The HDMI (High-Definition Multimedia Interface) technology replaces the analog video standards with digital AV data transfer. It enables you to display audio/video content from a HDMI based source on to a compatible digital device like a monitor or an audio device.
Founded by Hitachi, Panasonic, Philips, Silicon Image, Sony, Thomson, RCA and Toshiba, the HDMI system is basically made up of Sources, Sinks, Repeaters and Cable Assemblies. HDMI uses the DVI-to-HDMI adapter with a smaller connector that makes the older DVI-HDTV adapter redundant. This AV connector is also backward-compatible with DVI without any loss of video quality.
Compared to DisplayPort, HDMI is more widely adopted by the consumer electronic and communication industry. Most display devices like TVs and monitors are equipped with HDMI ports.
What are the different versions of HDMI?
From Version 1.0 to 2.0, HDMI has gone through several versions in between. While changes were made to its features, its cable or connectors remain the same.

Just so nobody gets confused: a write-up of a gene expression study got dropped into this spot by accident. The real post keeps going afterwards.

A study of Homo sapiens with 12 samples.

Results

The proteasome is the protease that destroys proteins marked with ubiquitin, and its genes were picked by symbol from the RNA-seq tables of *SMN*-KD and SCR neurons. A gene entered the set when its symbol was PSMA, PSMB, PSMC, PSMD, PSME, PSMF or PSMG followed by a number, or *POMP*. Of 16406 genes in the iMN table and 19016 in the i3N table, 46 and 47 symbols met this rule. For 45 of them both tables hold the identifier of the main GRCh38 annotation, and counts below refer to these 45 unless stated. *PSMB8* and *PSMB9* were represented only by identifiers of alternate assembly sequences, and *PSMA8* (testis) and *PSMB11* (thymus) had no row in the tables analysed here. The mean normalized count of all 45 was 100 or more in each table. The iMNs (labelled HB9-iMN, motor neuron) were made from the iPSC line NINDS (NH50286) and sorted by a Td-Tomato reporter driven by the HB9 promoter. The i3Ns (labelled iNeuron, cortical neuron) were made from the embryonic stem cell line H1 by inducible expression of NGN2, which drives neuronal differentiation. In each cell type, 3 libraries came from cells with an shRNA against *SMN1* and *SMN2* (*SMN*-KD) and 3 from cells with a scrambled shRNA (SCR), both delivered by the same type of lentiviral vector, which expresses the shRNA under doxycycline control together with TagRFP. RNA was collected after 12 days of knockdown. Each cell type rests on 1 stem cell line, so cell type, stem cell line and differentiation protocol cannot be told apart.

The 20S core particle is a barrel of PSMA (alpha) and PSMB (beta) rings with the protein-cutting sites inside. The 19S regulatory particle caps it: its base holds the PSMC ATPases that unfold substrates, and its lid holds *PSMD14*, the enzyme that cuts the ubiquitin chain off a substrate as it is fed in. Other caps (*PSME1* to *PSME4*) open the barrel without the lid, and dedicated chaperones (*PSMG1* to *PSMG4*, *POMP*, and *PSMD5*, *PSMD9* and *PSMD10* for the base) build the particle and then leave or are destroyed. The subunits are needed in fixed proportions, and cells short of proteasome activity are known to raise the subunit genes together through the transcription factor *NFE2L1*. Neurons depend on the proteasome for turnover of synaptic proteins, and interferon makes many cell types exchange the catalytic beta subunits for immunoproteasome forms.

The table summarizes the differences in features for each version.
The HDMI 1.4b standard can support 4K resolution, but only at 24 or 30 frames per second. That works fine for movies, but is still not up to par for gaming or TV broadcasts, which require 50 or 60 fps. And so began the development of HDMI 2.0.
HDMI 2.0a, which is the latest version added support for High Dynamic Range or HDR video. It vastly improves picture quality by enabling greater image details.
With USB Type-C fast becoming the choice of industry standards, HDMI LLC is releasing the HDMI Alternate Mode or “Alt Mode” which complies to the USB Type-C™ Specification. This enables HDMI based source devices to connect directly to HDMI enabled displays using a USB Type-C connector. HDMI Alt Mode will still support the full range of HDMI 1.4b features such as 4K resolutions, Audio Return Channel (ARC), 3D, HDMI Ethernet Channel and Consumer Electronic Control (CEC).
Future developments may see HDMI 2.0 deliver 120-frame 4K content or 2160p120 but this requires major bandwidth and technical expansions in HDMI as of now.